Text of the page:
The European gas market has been in a period of catch-up after the cold March and April, as it has worked to inject sufficient gas into storage for the next winter. Outside of that demand for gas to go into storage, end user gas demand remains weak with residential and commercial demand now in the middle of its off-season, industry still looking for some source of growth, and gas stubbornly not pricing itself into power – out of merit in part due to that big need for gas to go into storage.
Against the poor demand side, the supply side has helped pitch in some price support with Norwegian gas supplies suffering a fair share of small outages on infrastructure, mixed in with the usual seasonal maintenance. While Dutch production has had a good year, UKCS production continues to decline. LNG imports are still down this year although LNG flows did manage to surprise a little to the upside in the shoulder months between the Asian heating and cooling seasons, with UK LNG imports actually posting a y/y increase in June. We expect LNG imports for the full year to be down some 20% across the main European gas markets. This year's pattern of reductions during the peak periods followed by some more cargoes coming in the shoulder months points to European use of LNG as now being about helping to fill gas storage facilities.
As a result of these balances, UK NBP D+1 prices across Q2 13 were up 14% y/y, while July prices were up 18% y/y. The spreads between the UK NBP and the continental markets such as the Dutch TTF have demonstrated strong seasonality, with the NBP trading at a premium during the peak demand periods and at a discount to the continental hubs during non-peak months. The signals are clear, the UK balances in the peak periods by recourse to continental storage and then helps fill that storage back up as we go through the summer.
Going forward, a key is in the storage levels and we estimate that injection rates into storage need to be at the same rate to get most of the storage facilities in the north-west European market to close to the same level as last year at the start of October. Notable exceptions are Austria and the UK, where seasonal maintenance at Rough will make it hard to get its facilities full at that time. As such, pressure will remain on prices and we do not expect to see NBP prices deviating much from the 65 p/therm level over the coming two months. Even at the July injection rate, a number of countries will have inventory levels down y/y, and as such the risk premium imbedded in the coming winter contracts is not likely to reduce that much over the coming two months. However, as we go forward spreads like the winter 13 – winter 14 spread could certainly narrow if injection rates are maintained at good levels.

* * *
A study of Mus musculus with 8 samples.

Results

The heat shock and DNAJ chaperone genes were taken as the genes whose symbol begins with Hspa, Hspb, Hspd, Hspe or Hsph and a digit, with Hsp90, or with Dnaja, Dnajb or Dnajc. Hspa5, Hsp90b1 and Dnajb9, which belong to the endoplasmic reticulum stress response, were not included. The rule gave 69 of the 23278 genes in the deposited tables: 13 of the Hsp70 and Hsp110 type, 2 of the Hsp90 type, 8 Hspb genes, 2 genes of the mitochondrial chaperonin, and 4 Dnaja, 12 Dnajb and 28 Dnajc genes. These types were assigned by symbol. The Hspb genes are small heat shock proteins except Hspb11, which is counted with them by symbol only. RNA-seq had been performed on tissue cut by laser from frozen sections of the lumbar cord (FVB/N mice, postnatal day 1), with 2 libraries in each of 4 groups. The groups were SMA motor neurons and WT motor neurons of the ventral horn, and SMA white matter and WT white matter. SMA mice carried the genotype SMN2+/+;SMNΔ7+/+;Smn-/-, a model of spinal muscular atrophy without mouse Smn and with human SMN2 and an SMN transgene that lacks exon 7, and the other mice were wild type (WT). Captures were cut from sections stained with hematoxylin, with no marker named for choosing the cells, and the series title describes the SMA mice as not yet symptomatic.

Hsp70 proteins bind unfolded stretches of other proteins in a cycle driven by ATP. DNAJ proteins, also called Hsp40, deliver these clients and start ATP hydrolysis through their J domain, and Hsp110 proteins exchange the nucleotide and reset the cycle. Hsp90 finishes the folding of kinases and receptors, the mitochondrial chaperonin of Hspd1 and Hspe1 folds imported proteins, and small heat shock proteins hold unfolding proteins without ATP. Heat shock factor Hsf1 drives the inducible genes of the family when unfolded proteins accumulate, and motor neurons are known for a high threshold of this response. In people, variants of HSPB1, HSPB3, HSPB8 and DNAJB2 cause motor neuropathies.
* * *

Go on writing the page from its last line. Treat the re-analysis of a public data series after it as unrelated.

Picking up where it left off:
The big news in the last month was the RWE victory over Gazprom in its contract arbitration. RWE was able to secure hub-indexation to replace oil-indexation in its gas pricing formula. Given this, we just may be on the verge of the age of gas on gas pricing. While this is undoubtedly a good thing for gas markets, the market power of Gazprom on the supply side means that its approach to marketing its gas will ultimately drive the levels of hub prices. Without a healthy source of competition for the marginal levels of demand, gas prices may still be very sticky to the down-side.